FI's Review Criteria
Our basic benchmarks are the average game and the typical U.S. movie experience. A typical movie is around $8 to $10 for approximately two hours of entertainment, while the average game is $50, with single-player campaigns that last perhaps ten hours. When it comes down to the nitty-gritty of the games, approximately half the rating relates to the quality of the game design. The other half relates to the technical aspects of the game. Neither an incredibly polished game that's entirely devoid of fun nor a brilliantly designed and hopelessly implemented game should score highly.
Furthermore, we don't review every game, so don't be surprised that the average score of the games we rate is higher than two or three stars. While we believe there is a continuum of game scores that runs the gamut from zero to five, we focus on the highest quality and most interesting games available. We have no plans to rate every collection of Mah-Jong games available in your local drug store, and don't believe you are interested in reading those reviews. We focus on giving you the information you need to decide how best to spend your gaming dollar.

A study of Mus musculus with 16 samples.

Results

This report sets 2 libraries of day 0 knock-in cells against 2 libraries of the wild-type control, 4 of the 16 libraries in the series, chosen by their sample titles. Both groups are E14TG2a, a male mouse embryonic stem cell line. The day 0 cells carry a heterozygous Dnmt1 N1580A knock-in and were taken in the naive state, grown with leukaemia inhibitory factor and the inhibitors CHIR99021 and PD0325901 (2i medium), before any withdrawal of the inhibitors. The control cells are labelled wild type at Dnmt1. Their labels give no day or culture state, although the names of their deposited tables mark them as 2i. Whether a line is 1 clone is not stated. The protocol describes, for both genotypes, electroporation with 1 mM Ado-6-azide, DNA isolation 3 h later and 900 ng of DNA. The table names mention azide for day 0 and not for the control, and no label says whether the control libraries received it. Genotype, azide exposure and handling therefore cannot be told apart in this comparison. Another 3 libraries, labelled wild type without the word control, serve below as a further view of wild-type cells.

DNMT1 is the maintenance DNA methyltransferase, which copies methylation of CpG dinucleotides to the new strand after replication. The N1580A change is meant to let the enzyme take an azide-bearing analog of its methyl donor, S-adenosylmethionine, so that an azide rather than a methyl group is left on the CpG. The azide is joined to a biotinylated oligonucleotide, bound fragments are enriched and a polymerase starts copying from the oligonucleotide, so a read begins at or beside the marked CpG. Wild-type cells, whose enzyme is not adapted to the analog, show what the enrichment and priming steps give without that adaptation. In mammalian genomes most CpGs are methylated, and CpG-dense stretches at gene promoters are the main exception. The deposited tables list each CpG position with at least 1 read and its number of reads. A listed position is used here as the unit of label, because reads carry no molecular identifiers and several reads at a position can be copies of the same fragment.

A few things have changed since we originally established our review criteria. With the launch of yet another generation of consoles, prices of new games are creeping up toward the $60 mark. At the same time, episodic games are becoming more common and premium downloadable content is now available for all game platforms.
Keep in mind that our benchmarks have not changed. Unless stated otherwise within a review, premium content is not included in a review. If it is reviewed, it is reviewed separately – according to its price. Episodic content is also evaluated according to the same model. In other words, a two-hour game that costs $8 to $10 is comparable to a film or typical game. If that same content costs $20, it needs to be surpassingly brilliant to secure a comparable rating.